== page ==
In the Cradle with Eric Clapton and Jimmy Vaughn

All along this path I tread, 
my heart betrays my weary head, 
with nothing but my love to save, 
from the cradle to the grave...
                  ---Eric Clapton

If you've ever wondered what god would like singing and playing some excellent rock-tinged blues, then check out Eric Clapton when he rolls into town in support of his latest release. In a sold-out show at the U.S. Air Arena, Clapton entranced the crowd with his legendary guitar work and vocals so passionate that it would've made the people he covered proud.

Clapton has been known to have once said that he could never sing the blues as well as a black person. Clearly, his From the Cradle album, and the tour supporting it, indicate that comment was made in his usual self-effacing manner. And this manner was evident in the rest of his performance, starting from the first song where he just came up the stage, sat down (he was in an all-white outfit and I thought he had just woken up), and jammed out every song from his 16-song release. Before he began, he said "we're gonna play some blues tonight" and, fortunately or unfortunately, that's exactly what he did.

The first 3 songs were mostly acoustic, and it warmed the crowd up before he picked up his electric guitar. He then showed us what it takes to become a legend. His rendition of songs like Blues before Sunrise (originally by Leroy Carr), Hoochie Coochie Man (originally by Willie Dixon), Third Degree (Eddie Boyd), and the popular radio tune I'm Tore Down (Sonny Thomson) were laden with blistering guitar solos and searing vocals. Clapton not only revitalised the old classics, but also imprinted them with his own casual-rock stamp. It was blues with an innovative edge which I had never heard before. When he started playing Crossroads, people stood up in anticipation because it sounded like Handjive. The best song of the day, besides Hoochie Coochie Man, was Born Under a Bad Sign (the only version I like better being the one by Homer Simpson in The Simpsons Sing the Blues :). Also notable were Malted Milk and Ain't Nobody's Business (if I do).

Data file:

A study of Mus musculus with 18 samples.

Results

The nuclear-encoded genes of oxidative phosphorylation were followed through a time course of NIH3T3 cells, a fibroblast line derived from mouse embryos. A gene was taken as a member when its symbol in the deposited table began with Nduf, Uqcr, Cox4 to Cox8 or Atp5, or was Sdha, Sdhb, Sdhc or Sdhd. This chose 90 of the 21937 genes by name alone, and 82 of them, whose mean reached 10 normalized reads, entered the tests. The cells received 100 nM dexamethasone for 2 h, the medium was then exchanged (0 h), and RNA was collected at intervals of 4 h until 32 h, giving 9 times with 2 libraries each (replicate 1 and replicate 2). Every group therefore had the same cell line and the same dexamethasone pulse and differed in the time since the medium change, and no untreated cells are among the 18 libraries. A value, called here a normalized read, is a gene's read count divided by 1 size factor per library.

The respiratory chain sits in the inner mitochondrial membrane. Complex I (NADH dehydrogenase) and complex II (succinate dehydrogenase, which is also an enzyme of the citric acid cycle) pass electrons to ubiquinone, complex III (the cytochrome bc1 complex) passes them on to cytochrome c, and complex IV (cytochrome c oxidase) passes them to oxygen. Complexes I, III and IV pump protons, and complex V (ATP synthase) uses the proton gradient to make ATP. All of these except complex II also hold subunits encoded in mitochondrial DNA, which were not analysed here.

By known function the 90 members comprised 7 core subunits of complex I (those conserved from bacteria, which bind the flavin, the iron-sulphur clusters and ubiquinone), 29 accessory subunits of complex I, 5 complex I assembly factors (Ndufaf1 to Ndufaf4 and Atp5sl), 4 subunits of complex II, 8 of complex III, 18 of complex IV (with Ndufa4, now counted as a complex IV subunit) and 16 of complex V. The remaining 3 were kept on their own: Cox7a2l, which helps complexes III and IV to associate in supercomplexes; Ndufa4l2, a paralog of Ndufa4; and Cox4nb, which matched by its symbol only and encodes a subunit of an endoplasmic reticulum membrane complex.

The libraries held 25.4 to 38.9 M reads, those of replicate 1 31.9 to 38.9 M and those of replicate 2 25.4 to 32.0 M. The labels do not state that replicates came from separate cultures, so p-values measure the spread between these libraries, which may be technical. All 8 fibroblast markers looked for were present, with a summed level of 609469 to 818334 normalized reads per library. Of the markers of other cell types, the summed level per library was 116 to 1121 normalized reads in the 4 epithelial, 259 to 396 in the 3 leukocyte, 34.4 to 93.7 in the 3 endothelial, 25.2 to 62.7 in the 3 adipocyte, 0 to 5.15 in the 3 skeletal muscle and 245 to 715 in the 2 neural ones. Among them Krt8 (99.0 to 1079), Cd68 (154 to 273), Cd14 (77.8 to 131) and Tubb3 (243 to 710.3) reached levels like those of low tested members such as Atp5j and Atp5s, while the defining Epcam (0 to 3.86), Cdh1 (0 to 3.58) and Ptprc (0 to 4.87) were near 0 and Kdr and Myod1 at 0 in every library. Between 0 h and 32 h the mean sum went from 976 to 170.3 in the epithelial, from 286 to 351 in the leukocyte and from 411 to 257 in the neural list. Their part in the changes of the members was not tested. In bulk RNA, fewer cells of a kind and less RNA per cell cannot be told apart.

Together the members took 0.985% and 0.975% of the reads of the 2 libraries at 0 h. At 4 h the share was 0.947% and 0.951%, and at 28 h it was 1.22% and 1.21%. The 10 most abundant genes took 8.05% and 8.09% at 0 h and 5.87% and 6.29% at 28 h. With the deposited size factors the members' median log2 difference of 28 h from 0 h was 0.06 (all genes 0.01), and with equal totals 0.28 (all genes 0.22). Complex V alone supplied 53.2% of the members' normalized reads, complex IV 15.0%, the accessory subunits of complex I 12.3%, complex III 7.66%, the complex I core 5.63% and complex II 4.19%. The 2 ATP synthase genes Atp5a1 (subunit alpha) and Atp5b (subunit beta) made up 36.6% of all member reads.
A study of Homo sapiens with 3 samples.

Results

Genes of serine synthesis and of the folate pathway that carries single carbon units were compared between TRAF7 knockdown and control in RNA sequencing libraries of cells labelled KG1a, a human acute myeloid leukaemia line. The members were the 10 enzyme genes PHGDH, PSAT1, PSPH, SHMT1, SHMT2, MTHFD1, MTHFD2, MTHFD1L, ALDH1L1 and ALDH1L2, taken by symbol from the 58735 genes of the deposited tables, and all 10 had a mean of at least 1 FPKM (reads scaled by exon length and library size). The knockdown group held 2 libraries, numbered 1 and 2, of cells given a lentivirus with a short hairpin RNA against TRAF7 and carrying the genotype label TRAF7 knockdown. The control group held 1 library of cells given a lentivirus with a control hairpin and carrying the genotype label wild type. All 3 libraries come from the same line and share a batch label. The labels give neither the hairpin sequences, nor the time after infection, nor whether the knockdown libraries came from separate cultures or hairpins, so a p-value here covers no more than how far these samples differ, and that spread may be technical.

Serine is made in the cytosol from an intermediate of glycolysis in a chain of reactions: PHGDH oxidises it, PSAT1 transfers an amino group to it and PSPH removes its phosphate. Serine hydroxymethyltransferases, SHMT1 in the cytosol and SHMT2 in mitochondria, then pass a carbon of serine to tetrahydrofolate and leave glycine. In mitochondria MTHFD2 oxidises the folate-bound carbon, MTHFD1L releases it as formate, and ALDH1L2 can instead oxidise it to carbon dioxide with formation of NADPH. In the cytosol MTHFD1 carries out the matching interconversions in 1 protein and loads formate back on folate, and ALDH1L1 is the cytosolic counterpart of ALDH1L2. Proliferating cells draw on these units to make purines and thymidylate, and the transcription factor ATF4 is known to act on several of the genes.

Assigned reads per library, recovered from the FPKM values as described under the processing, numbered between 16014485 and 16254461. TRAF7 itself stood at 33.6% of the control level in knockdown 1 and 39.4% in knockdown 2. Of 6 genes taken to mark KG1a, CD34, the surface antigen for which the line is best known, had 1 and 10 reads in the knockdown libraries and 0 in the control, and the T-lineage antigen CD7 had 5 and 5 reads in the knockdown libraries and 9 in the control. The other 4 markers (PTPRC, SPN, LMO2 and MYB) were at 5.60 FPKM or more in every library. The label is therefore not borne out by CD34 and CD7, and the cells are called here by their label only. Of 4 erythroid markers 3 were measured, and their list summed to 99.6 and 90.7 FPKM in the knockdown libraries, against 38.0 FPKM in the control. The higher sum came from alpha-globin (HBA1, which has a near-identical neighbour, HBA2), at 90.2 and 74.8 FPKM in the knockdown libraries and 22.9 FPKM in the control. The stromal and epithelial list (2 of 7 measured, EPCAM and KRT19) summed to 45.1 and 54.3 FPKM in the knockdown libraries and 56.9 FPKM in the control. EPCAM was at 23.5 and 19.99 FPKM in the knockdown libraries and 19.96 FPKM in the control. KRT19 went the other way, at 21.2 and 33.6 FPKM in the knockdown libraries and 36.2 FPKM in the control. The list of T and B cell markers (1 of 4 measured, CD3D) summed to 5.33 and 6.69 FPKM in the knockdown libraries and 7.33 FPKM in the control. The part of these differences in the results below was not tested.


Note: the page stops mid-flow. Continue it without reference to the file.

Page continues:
Surprisingly though, his guitar playing took second stage to his vocals. In the 2 hours he performed, his vocal range matched that of great blues artists he covered (like Muddy Waters) and many other contemporary musicians, and this made the concert worthwhile for me. The biggest disappointment was the fact that Clapton did not play any of his classics. No Cocaine, Layla, or I Shot the Sheriff. or anything from Journeyman, which, by the way, I thought was an excellent album. At the beginning of each song, Clapton would announce the name of the person the song was originally performed by. One of the people who I went with heard someone behind her remark "why don't you play some Eric Clapton" in response to this. And I think this was a general feeling that the audience were left with after the show.

Jimmy Vaughn (Stevie Ray's brother) opened and played for 35 minutes in what was mostly a non-spectacular set. The only highlight of his set was the accompanying players he had with him. One of them, Renee Martinez, played the acoustic guitar like I have never seen anyone play, in a style somewhat reminiscent of Eddie Van Halen's Spanish Fly. Also, the other guitar player, Denny Freeman, accompanying him also did a better job than Vaughn himself I thought. I wouldn't buy his new album.

For an encore, Clapton came back with Vaughn and jammed for a few minutes on Sweet Home Chicago, which was also disappointing, since it was too short. So, unless you can handle the fact that he'll not play any of his rock classics, can bang your head to blues (which did invite some reaction from the crowd around me when I did this), and have enough money so you can get a seat with good acoustics, I would recommend giving this one a miss.

Thanks to Keith Knox ( for filling in some of the details in this review. He loves Jimmy Vaughn's new album and he thinks I'm totally off-mark with this review. I think I'm right. You judge.

Music ram-blings || Ram Samudrala || || October 12, 1994.